CHICAGO, April 30 (Xinhua) -- Researchers at Washington University School of Medicine in St. Louis have found in mice that treatment with an antibiotic reduces the size of lesions caused by endometriosis.
Studying mice, the researchers found that some of the gut microbes linked to bowel problems also feature prominently in endometriosis. When they treated the mice with the broad-spectrum antibiotic metronidazole, the lesions became smaller, and inflammation also was reduced.
And it was true whether treatment was started before the lesions began forming or after endometriosis already was well-established.
Interestingly, other antibiotics tested in the study, ampicillin, neomycin and vancomycin, did not lessen inflammation or shrink lesions. Moreover, the researchers found that levels of a protective type of gut bacteria were very low in the mice with endometriosis, so they believe that in addition to antibiotics, it may be possible to use probiotics to boost levels of protective bacteria.
The study also suggests that bacteria in the gut microbiome may help drive or prevent progression of the disease.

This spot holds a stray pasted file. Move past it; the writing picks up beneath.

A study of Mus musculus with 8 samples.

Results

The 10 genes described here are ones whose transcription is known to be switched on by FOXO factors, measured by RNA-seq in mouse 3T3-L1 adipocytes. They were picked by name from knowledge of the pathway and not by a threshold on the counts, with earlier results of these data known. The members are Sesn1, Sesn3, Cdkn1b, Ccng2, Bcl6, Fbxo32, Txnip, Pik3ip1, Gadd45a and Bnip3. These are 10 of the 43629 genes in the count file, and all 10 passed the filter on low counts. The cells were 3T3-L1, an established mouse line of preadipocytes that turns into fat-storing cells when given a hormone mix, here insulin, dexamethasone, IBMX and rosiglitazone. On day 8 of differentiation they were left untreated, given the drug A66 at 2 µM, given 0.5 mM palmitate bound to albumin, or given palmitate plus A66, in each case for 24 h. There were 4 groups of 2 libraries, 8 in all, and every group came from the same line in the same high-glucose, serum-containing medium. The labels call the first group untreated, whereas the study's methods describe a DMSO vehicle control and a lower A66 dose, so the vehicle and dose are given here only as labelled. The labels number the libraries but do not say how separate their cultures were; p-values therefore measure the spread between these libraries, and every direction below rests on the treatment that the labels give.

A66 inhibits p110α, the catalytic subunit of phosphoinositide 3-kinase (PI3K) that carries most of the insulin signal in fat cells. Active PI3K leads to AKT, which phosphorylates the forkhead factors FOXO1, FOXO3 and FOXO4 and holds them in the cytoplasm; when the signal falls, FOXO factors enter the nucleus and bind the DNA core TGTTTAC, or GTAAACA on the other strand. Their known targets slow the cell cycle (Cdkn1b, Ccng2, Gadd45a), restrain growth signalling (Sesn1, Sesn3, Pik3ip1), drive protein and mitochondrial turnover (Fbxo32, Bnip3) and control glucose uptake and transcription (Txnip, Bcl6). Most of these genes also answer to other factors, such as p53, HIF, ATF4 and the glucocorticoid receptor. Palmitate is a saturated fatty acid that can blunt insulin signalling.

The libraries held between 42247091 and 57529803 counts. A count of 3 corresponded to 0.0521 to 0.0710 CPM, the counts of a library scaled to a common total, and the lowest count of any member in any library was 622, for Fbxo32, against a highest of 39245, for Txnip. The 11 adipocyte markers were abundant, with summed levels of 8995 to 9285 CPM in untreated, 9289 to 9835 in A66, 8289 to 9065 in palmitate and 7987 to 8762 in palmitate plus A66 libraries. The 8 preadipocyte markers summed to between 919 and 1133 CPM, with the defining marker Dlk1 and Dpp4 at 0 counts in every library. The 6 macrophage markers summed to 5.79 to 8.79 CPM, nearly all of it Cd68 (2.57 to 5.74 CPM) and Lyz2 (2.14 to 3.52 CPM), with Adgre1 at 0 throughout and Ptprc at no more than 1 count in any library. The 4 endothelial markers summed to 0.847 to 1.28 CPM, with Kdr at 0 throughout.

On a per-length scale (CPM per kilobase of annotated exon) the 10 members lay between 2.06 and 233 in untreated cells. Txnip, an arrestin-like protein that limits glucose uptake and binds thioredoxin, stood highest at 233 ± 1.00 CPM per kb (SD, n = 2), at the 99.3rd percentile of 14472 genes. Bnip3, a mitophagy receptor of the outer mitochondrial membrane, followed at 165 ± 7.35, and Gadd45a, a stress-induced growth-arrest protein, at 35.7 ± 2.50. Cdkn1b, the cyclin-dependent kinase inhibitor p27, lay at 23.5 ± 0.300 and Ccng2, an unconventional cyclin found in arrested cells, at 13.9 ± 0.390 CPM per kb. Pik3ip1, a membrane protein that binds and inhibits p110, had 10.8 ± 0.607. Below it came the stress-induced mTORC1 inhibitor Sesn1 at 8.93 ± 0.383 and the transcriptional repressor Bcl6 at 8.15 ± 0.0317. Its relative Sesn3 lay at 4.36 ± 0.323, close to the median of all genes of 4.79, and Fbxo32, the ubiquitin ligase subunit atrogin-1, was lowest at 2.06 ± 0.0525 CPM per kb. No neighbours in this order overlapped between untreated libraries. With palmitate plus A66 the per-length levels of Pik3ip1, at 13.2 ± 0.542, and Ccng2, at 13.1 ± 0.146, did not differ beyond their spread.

"This study is exciting as it opens new frontiers in identifying bacterial candidates that can promote endometriosis in reproductive-age women, and it enables us to conduct future studies aimed at developing simpler ways to diagnose endometriosis," said co-author Indira Mysorekar, a professor of obstetrics and gynecology and a professor of pathology and immunology.
The researchers are planning a large, multicenter clinical trial to test the drug metronidazole in women who have the painful condition.
Endometriosis is a chronic problem for up to 10 percent of women aged 25 to 40. About 5 million women in the United States and an estimated 176 million women worldwide are believed to be affected.
The study is published online Tuesday in the journal Human Reproduction.